Quiet explains a lot: why I like to spend time alone, need down time, prefer to write not talk, struggle to participate in groups, prefer the ‘flow’ of a focused activity, can wax lyrical about something I care about… and much else. And it says it’s ok, too.
Cain’s book is a piece of polemic, journalism and popular psychology in the style of Malcolm Gladwell. It was apparently years in the writing and researching, and it shows in the depth of learning and breadth of interviews and ideas.
She covers a lot of ground but never loses the core of her argument: that introverts are a significant part of the population yet are overlooked by our cultural bias toward the louder, charismatic, quick thinking but shallower extroverted ‘man of action.’
She shows the costs of this at work, in our social life, in schools and in our parenting. Not only do individuals who are introverted often suffer from lower self-esteem and don’t always flourish, but society doesn’t benefit from their creativity of introverts.
There are so many good ideas and ‘policy’ prescriptions in this book that I won’t summarise them, other than to say that we need to recognise, accommodate and value introversion not try to push people or ourselves to overcome it, as if it’s some kind of problem.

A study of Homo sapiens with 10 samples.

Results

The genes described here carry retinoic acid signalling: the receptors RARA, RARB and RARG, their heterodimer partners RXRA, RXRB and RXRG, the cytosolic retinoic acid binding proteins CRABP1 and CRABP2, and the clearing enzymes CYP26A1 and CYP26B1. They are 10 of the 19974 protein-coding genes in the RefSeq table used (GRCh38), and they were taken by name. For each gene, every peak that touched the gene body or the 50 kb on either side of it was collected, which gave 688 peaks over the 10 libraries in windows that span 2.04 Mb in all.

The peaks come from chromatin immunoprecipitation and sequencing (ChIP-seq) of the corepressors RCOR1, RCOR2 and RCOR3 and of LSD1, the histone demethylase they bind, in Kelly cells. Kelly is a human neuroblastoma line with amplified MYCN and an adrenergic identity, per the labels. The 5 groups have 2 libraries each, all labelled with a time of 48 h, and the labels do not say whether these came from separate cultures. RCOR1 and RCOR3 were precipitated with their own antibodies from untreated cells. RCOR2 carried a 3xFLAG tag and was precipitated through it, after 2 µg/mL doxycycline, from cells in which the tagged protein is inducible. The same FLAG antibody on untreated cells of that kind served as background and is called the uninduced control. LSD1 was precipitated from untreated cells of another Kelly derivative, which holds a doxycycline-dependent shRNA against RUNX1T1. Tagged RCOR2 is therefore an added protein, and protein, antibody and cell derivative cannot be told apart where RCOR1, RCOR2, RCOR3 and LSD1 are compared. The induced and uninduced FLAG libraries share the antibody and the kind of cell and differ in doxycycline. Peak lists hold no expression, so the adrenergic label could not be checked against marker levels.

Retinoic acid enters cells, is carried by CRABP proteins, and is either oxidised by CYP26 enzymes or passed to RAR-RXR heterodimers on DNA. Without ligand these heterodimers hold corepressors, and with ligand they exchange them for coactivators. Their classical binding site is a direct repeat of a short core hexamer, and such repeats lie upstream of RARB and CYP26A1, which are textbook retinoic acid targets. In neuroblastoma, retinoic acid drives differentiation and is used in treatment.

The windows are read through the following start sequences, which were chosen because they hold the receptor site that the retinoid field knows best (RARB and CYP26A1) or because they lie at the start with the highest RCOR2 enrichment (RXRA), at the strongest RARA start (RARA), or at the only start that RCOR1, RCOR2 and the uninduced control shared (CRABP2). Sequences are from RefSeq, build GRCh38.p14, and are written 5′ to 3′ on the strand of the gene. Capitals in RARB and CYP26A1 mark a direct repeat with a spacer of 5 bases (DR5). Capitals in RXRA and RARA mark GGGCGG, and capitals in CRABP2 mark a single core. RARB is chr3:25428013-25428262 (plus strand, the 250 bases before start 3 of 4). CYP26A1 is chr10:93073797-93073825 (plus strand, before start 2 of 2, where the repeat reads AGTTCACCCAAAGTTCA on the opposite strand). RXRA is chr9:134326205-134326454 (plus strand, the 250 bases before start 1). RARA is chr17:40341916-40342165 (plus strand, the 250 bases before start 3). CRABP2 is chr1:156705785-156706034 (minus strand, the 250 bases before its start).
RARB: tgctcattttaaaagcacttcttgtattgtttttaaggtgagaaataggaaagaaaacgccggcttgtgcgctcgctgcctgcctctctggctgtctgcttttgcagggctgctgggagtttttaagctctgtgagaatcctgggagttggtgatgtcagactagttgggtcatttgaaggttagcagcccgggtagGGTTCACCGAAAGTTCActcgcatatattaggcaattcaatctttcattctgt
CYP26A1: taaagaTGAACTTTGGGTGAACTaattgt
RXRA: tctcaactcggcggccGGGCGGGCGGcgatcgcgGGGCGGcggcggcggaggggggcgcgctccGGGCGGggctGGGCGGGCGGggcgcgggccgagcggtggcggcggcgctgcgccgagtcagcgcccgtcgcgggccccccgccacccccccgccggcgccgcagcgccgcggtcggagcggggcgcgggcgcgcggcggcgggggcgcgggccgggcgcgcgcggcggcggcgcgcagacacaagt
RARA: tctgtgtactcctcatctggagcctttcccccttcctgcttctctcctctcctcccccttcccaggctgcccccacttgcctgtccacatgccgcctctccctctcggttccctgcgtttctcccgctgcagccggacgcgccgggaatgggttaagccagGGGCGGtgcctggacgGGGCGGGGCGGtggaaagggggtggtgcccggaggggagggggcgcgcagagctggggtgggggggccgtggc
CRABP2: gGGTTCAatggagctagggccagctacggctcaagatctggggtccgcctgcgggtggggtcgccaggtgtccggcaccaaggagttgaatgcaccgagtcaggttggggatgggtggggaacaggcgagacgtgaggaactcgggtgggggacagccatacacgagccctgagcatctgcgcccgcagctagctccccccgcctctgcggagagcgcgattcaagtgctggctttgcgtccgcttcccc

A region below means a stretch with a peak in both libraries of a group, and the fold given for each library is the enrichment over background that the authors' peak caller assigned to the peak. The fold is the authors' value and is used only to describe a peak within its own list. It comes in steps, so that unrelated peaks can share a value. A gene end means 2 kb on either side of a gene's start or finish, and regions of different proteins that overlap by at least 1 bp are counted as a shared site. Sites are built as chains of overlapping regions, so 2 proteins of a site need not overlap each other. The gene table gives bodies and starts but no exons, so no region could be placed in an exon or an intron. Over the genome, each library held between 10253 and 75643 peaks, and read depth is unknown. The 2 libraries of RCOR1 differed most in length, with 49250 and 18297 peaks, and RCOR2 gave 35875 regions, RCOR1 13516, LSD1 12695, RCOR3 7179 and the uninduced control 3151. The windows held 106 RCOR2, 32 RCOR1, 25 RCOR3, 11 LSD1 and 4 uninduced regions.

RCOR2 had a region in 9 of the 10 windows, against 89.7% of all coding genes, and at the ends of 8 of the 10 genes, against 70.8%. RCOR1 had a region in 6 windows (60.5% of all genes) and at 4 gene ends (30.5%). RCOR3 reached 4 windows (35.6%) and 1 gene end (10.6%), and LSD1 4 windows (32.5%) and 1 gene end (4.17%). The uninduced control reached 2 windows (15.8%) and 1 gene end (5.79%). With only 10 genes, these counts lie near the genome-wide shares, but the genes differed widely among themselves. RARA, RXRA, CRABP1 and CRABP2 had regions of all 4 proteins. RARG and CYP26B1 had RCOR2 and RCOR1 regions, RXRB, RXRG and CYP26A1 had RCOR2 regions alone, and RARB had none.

Any criticism of the book? Only one, a little one. Cain sets the book up as a battle between two personality types: the introvert and extrovert. But the reality is much more complicated. Because she adopts broad definitions of these terms most people will have elements of each, and they will be different at different times in their lives. (As the not normally pithy philosophers Deleuze and Guattari say at the start of A Thousand Plateaus: ‘The two of us wrote Anti-Oedipus together. Since each of us were several, there was already quite a crowd.’)
Few people are pure introvert or pure extrovert and so the complexity is, in fact, that elements of both are within all of us and we must find ways to recognise, accommodate and value introverted qualities whenever and in whomever they arise.